Researchers Describe New Attack That Spoofs Browser's Digital Fingerprints

Researchers Describe New Attack That Spoofs Browser’s Digital Fingerprints

A group of researchers from Texas A&M University and the University of Florida developed an attack system that can be abused to collect users’ browser fingerprinting information to impersonate fingerprint-based authentication.

The researchers outlined the new method in a paper and dubbed it Gummy Browsers,” a reference to a 20-year-old “Gummy Fingers” technique used to impersonate a user’s fingerprint biometrics.

An attacker could potentially collect a user’s browser fingerprinting information in order to spoof victims without their knowledge.

“The idea is that the attacker 𝐴 first makes the user 𝑈 connect to his website (or to a well-known site the attacker controls) and transparently collects the information from 𝑈 that is used for fingerprinting purposes (just like any fingerprinting website 𝑊 collects this information),” the researchers explained. “Then, 𝐴 orchestrates a browser on his own machine to replicate and transmit the same fingerprinting information when connecting to 𝑊, fooling 𝑊 to think that 𝑈 is the one requesting the service rather than 𝐴.”

Browser fingerprinting (aka machine fingerprinting) is a user tracking technique that uses a variety of attributes to identify users of a remote computer system by attributes of their software and hardware. These include the browser’s settings, language preference, and screen resolution.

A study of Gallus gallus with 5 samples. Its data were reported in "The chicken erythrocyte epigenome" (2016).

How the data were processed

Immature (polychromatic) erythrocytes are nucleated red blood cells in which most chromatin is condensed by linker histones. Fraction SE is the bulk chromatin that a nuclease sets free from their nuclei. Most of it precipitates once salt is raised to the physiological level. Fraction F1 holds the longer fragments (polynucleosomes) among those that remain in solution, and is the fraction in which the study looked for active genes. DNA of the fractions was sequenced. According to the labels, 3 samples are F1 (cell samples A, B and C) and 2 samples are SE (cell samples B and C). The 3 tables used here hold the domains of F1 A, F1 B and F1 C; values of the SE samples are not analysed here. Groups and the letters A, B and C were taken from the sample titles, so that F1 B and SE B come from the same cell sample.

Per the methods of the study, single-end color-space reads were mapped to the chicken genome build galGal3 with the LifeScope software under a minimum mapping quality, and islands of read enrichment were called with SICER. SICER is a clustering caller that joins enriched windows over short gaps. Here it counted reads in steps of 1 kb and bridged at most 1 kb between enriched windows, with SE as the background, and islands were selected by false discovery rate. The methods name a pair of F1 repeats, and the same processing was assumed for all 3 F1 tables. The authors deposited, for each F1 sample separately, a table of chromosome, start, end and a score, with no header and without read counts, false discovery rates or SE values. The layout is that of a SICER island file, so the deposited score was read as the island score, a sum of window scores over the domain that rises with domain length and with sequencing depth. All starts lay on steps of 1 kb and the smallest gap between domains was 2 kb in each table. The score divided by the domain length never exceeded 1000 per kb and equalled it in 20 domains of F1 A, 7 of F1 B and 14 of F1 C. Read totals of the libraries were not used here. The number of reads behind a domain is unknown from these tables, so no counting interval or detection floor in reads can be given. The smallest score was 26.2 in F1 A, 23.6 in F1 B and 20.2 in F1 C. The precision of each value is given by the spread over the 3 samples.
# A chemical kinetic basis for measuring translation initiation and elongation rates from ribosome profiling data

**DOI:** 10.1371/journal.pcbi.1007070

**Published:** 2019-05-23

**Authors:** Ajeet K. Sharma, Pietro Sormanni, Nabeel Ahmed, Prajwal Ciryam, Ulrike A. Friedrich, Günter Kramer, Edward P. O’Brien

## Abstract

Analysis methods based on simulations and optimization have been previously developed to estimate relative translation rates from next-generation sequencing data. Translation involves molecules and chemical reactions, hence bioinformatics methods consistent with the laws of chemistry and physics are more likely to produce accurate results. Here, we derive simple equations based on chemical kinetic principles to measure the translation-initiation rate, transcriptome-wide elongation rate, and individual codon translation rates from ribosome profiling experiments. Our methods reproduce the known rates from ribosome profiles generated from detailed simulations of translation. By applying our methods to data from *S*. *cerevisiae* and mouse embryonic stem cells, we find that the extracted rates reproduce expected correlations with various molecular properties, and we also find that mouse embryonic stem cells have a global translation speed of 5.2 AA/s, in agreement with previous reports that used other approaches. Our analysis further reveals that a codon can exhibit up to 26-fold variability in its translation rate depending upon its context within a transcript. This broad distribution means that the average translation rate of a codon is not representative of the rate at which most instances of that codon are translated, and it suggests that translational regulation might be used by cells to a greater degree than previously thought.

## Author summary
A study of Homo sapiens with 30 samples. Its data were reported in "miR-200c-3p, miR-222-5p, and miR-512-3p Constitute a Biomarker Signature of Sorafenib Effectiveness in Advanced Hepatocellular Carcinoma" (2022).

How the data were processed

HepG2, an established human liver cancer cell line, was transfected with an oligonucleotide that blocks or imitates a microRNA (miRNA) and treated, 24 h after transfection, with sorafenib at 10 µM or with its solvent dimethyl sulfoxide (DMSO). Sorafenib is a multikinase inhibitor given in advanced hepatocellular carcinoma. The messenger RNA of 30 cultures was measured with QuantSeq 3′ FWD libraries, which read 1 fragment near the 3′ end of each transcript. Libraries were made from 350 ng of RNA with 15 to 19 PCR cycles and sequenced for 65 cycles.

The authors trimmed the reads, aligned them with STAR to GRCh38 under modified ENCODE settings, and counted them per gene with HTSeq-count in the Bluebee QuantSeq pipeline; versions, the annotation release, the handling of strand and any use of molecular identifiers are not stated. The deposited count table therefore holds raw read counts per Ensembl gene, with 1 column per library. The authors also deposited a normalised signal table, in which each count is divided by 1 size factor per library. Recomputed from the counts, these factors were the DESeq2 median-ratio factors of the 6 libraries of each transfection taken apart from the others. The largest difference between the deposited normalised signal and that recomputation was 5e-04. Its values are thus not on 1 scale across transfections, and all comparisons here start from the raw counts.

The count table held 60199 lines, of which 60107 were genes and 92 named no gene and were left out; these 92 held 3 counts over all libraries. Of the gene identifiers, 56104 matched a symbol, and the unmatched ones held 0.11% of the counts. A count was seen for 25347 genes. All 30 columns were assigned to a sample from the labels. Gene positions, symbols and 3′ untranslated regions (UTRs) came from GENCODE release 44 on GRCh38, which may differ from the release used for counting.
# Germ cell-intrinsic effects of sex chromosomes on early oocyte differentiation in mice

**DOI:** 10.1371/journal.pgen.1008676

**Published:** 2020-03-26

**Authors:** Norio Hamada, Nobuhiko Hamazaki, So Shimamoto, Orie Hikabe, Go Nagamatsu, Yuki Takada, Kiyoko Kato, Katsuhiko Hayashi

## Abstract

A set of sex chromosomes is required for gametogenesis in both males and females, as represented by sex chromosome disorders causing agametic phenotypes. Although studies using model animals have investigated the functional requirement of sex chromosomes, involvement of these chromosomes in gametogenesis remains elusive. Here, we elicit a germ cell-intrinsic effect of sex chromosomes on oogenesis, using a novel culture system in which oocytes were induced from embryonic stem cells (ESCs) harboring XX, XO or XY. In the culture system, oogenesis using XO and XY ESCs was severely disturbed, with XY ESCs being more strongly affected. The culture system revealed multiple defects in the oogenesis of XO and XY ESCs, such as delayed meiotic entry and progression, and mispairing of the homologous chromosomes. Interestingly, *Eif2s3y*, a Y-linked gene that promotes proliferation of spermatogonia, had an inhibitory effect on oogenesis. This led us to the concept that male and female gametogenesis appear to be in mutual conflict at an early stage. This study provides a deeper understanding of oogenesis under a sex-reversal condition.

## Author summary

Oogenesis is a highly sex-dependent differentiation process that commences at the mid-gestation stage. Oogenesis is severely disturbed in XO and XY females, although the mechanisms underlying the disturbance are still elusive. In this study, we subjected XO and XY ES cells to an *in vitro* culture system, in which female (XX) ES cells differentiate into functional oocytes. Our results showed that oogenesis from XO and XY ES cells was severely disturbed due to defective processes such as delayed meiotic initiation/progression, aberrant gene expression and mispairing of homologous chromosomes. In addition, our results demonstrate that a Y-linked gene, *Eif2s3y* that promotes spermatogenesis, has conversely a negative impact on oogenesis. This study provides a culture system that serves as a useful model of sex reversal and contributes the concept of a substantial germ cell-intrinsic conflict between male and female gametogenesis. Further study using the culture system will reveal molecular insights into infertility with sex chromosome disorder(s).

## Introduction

If the website only displays targeted ads based on the browser fingerprints of the users, it could expose them to exploitation by a remote adversary. An attacker can take advantage of the fact that their browser is treated as the victim’s browser, which allows them to collect sensitive information about the victim (gender, age group, health condition, interests, salary, etc.) and build a profile.

The researchers discovered that the majority of the spoofed fingerprints they used were misidentified as legitimate ones, successfully tricking the fingerprinting algorithms. This method allows them to circumvent digital fingerprinting algorithms, get around defensive mechanisms, and breach ad privacy.

“The impact of Gummy Browsers can be devastating and lasting on the online security and privacy of the users, especially given that browser fingerprinting is starting to get widely adopted in the real world,” the researchers concluded. “In light of this attack, our work raises the question of whether browser fingerprinting is safe to deploy on a large scale.”